Following up on Past European Straights Topics

European Straights, 2020-07-17

  • The Great Decoupling. The 2nd Cold War started with the erection of the Great Chinese Firewall. It most likely violated WTO rules, but it was ignored as there was $ to be made in non-tech sectors (Inv Banking, manufacturing).

  • Silicon Valley. Much of the current stock market’s performance is explained by the US tech giants growing outside the US.

  • For EU it doesn’t make sense to sever all ties with China. There’s a lot to be learned (how to have large local tech firms). Geopolitics and global supply chains are to be used, not ignored.

  • Tesla is not the next Amazon: its cash flow per share (the key Amazon metric) looks anything but.

  • R&D in large corporations repeatedly gets underfunded (investors don’t value it): employees may just walk away, or it’s simply faster (and almost risk-free) to buy firms with the needed technologies.

o   This is not exactly correct, because the number of new startups is low. The % of staff walking away to start their firm is ~1%.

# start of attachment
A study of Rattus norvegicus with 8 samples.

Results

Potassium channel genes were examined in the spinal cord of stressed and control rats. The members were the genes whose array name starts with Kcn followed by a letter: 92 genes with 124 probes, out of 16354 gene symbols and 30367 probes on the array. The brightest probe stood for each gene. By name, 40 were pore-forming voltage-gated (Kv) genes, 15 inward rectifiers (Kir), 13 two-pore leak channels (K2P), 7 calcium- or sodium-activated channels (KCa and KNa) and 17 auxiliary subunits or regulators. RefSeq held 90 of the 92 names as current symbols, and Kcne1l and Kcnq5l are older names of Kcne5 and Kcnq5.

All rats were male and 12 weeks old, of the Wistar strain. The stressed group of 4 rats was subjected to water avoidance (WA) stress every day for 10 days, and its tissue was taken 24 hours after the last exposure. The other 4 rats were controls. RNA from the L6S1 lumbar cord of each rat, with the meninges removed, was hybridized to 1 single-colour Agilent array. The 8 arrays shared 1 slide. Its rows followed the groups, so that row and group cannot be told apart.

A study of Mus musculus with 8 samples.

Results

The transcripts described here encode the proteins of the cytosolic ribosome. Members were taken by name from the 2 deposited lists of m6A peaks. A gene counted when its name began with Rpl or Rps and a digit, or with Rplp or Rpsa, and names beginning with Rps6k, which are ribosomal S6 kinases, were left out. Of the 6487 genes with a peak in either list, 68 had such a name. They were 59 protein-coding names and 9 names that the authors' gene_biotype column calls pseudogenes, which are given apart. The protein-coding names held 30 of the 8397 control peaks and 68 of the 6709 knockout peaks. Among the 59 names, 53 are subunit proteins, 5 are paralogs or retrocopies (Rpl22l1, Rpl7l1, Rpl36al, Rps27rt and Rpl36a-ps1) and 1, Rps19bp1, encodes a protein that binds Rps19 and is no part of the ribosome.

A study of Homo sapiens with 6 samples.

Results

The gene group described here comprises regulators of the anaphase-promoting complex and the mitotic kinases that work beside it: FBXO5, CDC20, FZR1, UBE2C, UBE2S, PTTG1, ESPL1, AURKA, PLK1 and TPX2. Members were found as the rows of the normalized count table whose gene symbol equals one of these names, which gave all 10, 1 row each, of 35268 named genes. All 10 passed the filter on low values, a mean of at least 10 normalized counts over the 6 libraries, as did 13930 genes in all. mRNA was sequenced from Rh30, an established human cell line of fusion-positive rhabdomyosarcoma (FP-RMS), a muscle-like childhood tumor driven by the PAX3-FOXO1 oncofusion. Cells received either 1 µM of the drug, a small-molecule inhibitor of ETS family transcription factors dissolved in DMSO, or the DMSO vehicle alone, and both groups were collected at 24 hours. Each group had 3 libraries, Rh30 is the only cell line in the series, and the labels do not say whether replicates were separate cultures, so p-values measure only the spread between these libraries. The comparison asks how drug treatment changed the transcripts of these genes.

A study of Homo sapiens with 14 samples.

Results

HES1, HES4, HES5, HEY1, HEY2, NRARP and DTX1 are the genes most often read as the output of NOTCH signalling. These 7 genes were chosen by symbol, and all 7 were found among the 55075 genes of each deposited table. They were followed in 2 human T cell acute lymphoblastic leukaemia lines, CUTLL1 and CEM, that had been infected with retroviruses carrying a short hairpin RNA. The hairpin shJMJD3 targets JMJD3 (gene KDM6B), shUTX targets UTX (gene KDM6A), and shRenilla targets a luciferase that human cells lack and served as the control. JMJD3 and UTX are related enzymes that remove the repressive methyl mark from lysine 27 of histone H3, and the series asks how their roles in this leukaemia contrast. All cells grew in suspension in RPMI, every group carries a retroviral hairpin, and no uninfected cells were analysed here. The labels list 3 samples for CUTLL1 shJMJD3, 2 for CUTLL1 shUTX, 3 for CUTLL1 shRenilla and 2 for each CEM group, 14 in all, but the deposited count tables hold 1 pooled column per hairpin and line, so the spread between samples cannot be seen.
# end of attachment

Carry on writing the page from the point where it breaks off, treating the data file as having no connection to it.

o   Treat them well and pay some more – and they’ll stay and deliver.

  • The source of innovation is big firms, not small ones (true, some new firms are based on innovation, but it’s not a rule).

o   Small firms are more visible, though, even though the odds are massively against them.

o   Small firms are not necessarily young. Young companies have an advantage of still having their founders with stronger strategies and better understanding of how the pieces evolved.

  • Technical risk. Nice example: Zoom, spending heavily on sales/marketing, but much less - on R&D. Sometimes it’s not possible to assess the risk of “can it be built” without prior reference example.

  • Remote work and taxes. Hedge funds are looking to obtain tax advantage for having their staff work remotely. (what do the employees think?)